Cheering for your rival?

Tuesday, March 29, 2016

Do you want to see your rival do well? I know I don't.

It's different here at the high school level. There are family connections and friendships that connect from town to town. The stakes aren't as high.

At the collegiate and professional level, though, those connections don't exist and those stakes are at an all-time high. When your rival is competing for national championships and you are bathing in mediocrity, you should loathe that team and its fan base that much more.

Competing for championships is what you want your team to be doing. Instead, you are forced to watch the team you despise the most do that very thing. Is it OK to like your rivals' coach or maybe even a player or two? Sure. But to want to see them do well is unheard of. You can talk about conference loyalties, state loyalties, etc. I don't care.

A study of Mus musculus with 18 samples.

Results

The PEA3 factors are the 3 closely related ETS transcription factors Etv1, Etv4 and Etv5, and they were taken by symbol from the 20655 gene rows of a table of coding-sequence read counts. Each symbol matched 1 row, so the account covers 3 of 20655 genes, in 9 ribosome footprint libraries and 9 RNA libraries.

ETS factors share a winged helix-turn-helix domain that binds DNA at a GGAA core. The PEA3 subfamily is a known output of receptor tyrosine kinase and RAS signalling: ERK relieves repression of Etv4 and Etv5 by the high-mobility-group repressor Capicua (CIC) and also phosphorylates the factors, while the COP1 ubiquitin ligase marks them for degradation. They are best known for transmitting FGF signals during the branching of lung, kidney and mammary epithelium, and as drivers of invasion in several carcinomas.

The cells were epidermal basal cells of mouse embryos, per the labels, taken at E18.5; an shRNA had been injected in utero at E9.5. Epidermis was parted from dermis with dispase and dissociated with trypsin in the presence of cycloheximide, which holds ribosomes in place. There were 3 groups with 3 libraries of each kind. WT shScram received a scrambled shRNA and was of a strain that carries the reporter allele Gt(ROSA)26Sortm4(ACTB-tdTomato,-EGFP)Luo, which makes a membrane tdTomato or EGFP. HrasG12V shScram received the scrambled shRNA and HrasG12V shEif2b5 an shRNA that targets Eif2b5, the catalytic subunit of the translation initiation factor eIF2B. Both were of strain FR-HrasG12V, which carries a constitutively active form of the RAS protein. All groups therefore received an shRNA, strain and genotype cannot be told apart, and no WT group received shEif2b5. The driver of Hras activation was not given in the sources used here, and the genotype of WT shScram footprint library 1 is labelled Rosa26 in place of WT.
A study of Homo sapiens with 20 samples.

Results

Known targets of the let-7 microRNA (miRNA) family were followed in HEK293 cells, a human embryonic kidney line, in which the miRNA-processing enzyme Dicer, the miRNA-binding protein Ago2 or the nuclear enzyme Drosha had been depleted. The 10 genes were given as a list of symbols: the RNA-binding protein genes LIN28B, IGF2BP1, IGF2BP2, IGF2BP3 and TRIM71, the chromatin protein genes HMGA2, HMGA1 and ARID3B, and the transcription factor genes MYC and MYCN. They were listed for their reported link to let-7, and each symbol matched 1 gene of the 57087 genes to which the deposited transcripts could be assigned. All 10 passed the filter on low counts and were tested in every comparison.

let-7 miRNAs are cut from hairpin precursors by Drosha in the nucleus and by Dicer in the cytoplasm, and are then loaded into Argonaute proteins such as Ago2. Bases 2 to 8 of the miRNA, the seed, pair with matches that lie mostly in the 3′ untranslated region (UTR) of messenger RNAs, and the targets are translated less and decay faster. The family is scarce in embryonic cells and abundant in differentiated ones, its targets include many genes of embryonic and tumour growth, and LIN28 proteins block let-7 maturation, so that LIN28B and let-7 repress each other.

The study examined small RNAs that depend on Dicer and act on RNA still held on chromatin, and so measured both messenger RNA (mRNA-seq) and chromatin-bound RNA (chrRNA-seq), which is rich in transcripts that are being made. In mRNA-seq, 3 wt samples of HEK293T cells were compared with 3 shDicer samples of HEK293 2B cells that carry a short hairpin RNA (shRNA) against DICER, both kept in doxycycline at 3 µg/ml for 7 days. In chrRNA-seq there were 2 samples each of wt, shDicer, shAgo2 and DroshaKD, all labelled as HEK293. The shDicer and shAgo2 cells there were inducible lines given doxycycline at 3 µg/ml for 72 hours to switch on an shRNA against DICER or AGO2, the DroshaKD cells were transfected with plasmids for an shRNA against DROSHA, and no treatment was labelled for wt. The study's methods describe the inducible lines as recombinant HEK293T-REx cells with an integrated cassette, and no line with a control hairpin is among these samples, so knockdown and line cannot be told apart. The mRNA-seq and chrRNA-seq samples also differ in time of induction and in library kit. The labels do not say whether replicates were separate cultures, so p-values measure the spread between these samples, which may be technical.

If you cheer against a team for an entire season, why should you start cheering for them as the season draws to a close and they have a chance to win the national championship? That logic has never made sense to me. I think the conference did well if they made it to the Final Four and I don't think my loyalties to a state would be damaged because I didn't cheer for a team in a sporting event.

For those of you who don't know, I'm from Oklahoma. I graduated from Oklahoma State University and have been a lifelong Oklahoma State fan. As many of you may know, the University of Oklahoma has made a trip to the Final Four, and the Cowboys had a terrible season. It was bad enough, they hired a new coach, thankfully. The University of Oklahoma has a great coach in Lon Kruger and a better player in Buddy Hield. I tip my hat to the both of them. With that being said, watching them make this tremendous run in the tournament has been disheartening. Now the tables have turned. We used to be the team competing for Final Four berths while they were staying home in March.

I will always dislike my rival. Until things get back to the way they used to be, I will dislike them more than ever for the simple reason that they are the ones in the spotlight, not us.